Temporary changes due to COVID-19 in the SSAH program

Learn about funding available through the Special Services at Home program that can help with costs related to respite, personal growth and development for your child with physical and/or developmental disabilities.

Temporary wage increase for direct support workers extended

As of October 1, 2020, workers who provide personal support services are eligible for a temporary wage increase. This temporary increase has been extended until March 31, 2022.

We are offering temporary support to cover this wage increase for people and families who pay for services from eligible direct support workers with funds from direct funding programs. These changes apply to support workers who provide:

Learn more about this temporary funding and how to get it.

Temporary changes

In response to the COVID-19 outbreak, we have made temporary changes to the Special Services at Home program to help recipients. These changes came into effect April 1, 2020. Families who are eligible to receive program funding in 2020/21 can now purchase supports according to the existing program guidelines and these temporary changes. Read on for more details about these changes.

New eligible expenses

We are temporarily expanding the list of eligible expenses under the Special Services at Home program to support people and their families while community-based activities and settings are closed. These changes allow families to use funding for goods and services that may make it easier to stay at home during this time and practise physical distancing.

New eligible expenses include:

  1. Sensory Items
    • To support children and youth who rely on sensory items to alleviate anxiety/stress and/or support any clinical or behavioural plans.
      • e.g. multi-sensory related products and technologies.
  2. Technology
    • Provide children and youth the means and ability to stay safe, connected, and occupied and engaged at home, including in virtual and online learning and skill development activities. These items include:
      • Laptops and tablets;
      • Online educational and e-learning activities and resources;
      • Videogames and videogame systems;
      • Webcams and microphones;
      • Media service subscriptions and platforms (e.g. Netflix, Xbox Live, Disney+) (Note: this will not include cancellation fees);
      • E-readers (e.g. Kindle or Kobo); and
      • Remote monitoring devices and medical alert services and devices.
    • The approval of technology will also support the virtual engagement of people with disabilities and connections for families, providing some relief from caregiving requirements and alleviating some of the impacts of physical distancing.
  3. Items to support home-based recreation and fitness activities
    • Supplies to support home-based hobbies and activities that would otherwise be accessed through day programs, school and other community-based programs. Some examples include, but are not limited to:
      • Arts and craft supplies;
      • Hobby supplies;
      • Puzzles and games; and
      • Books for leisure/learning.
    • Supplies to support home-based physical activity and fitness. Some examples may include, but are not limited to:
      • Indoor items and equipment (e.g. skipping rope, yoga mat, resistance bands); and
      • fitness/sport equipment and supplies that may be used on the individual’s property (e.g. basketball net, trampoline, frisbee, badminton set)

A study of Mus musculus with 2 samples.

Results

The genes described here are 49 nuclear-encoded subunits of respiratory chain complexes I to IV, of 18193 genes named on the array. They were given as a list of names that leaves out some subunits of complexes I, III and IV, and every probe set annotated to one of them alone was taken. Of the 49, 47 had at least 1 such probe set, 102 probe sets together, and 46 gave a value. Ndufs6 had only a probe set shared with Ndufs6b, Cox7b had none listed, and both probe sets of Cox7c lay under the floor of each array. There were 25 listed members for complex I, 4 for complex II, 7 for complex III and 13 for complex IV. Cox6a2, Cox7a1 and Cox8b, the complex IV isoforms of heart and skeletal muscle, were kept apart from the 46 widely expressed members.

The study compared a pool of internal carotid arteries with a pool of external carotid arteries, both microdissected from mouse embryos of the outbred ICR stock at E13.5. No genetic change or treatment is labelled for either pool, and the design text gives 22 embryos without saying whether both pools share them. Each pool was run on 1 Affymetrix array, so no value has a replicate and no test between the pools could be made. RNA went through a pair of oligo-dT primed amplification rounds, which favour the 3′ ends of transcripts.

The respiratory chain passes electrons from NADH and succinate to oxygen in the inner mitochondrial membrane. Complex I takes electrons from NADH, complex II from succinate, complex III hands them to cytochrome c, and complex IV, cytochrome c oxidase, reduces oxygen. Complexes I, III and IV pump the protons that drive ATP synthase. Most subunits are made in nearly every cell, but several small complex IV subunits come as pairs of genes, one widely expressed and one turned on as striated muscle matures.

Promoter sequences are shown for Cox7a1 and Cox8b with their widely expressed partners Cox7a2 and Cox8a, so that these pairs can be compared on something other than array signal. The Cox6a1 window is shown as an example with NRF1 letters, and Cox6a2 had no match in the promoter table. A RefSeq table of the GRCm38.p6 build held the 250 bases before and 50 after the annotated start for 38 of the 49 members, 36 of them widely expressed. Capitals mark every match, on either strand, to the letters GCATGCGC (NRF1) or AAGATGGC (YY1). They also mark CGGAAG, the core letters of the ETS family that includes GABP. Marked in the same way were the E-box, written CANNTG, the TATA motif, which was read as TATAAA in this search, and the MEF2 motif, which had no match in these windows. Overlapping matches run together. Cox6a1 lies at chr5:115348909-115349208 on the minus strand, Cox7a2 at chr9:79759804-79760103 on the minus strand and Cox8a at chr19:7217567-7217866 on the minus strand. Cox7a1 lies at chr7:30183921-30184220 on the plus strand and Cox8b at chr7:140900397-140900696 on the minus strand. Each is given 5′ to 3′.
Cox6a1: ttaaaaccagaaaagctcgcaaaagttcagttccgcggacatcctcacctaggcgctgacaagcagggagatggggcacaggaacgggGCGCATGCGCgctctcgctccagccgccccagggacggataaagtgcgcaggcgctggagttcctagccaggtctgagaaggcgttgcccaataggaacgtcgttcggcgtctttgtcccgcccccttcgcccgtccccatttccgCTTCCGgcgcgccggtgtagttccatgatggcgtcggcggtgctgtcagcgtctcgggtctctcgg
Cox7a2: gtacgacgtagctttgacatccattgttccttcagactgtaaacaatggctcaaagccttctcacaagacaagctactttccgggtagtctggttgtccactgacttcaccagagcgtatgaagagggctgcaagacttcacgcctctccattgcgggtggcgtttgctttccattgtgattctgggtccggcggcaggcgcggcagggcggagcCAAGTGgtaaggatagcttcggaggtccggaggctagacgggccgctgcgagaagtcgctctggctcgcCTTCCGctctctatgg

4. Personal Protective Equipment and Supplies, When Available
    • To enable children and youth, their families and their support workers to be supported more safely at home or as required, in the community, which may be of heightened importance to children/adults who are immunocompromised. This includes items such as:
      • Gloves;
      • Masks;
      • Gowns;
      • Cleaning supplies (e.g. disinfectant wipes, sprays, and hand sanitizer); and
      • Goggles and face shields.
  5. Essential Service Delivery Fees
    • Where families are unable to leave their homes for groceries or pharmacy needs because of the vulnerability of their family member and/or because of their care requirements, service delivery fees for essential items such as groceries and medication will be an admissible expense. (Note: this does not include the actual cost of the groceries and/or medications, just the service fee for delivery).
    • Delivery fees for takeout food from restaurants are not included.
  6. Behavioural Support Plans and Related Interventions
    • Behavioural supports and interventions intended to assist families to more safely support their child at home. This may include:
      • development of behavioural support plans and recommended interventions (delivered in person or remotely/virtually)
      • Support strategies to reduce challenging behaviours or potential crisis situations.
      • Note: This does not include physiotherapy, occupational therapy or speech therapy.

Read more about these temporary changes in the April 2020 addendum to the program guidelines. All other inadmissible expenditures outlined in the program guidelines remain in effect.

These changes are temporary and the existing program terms and conditions will continue to apply upon the government providing notice. You will be given as much advanced notice as possible to prepare for the return of regular business once the government provides notice.

Funding in advance

Special Services at Home recipients who were enrolled in the program in 2019/20 may be eligible to receive funding in advance of processing their expense claims. This is to help families manage financial challenges they may be facing and to help them purchase eligible supports and items quickly. Recipients who enrolled in the program after April 1, 2020, are not eligible for advance funding.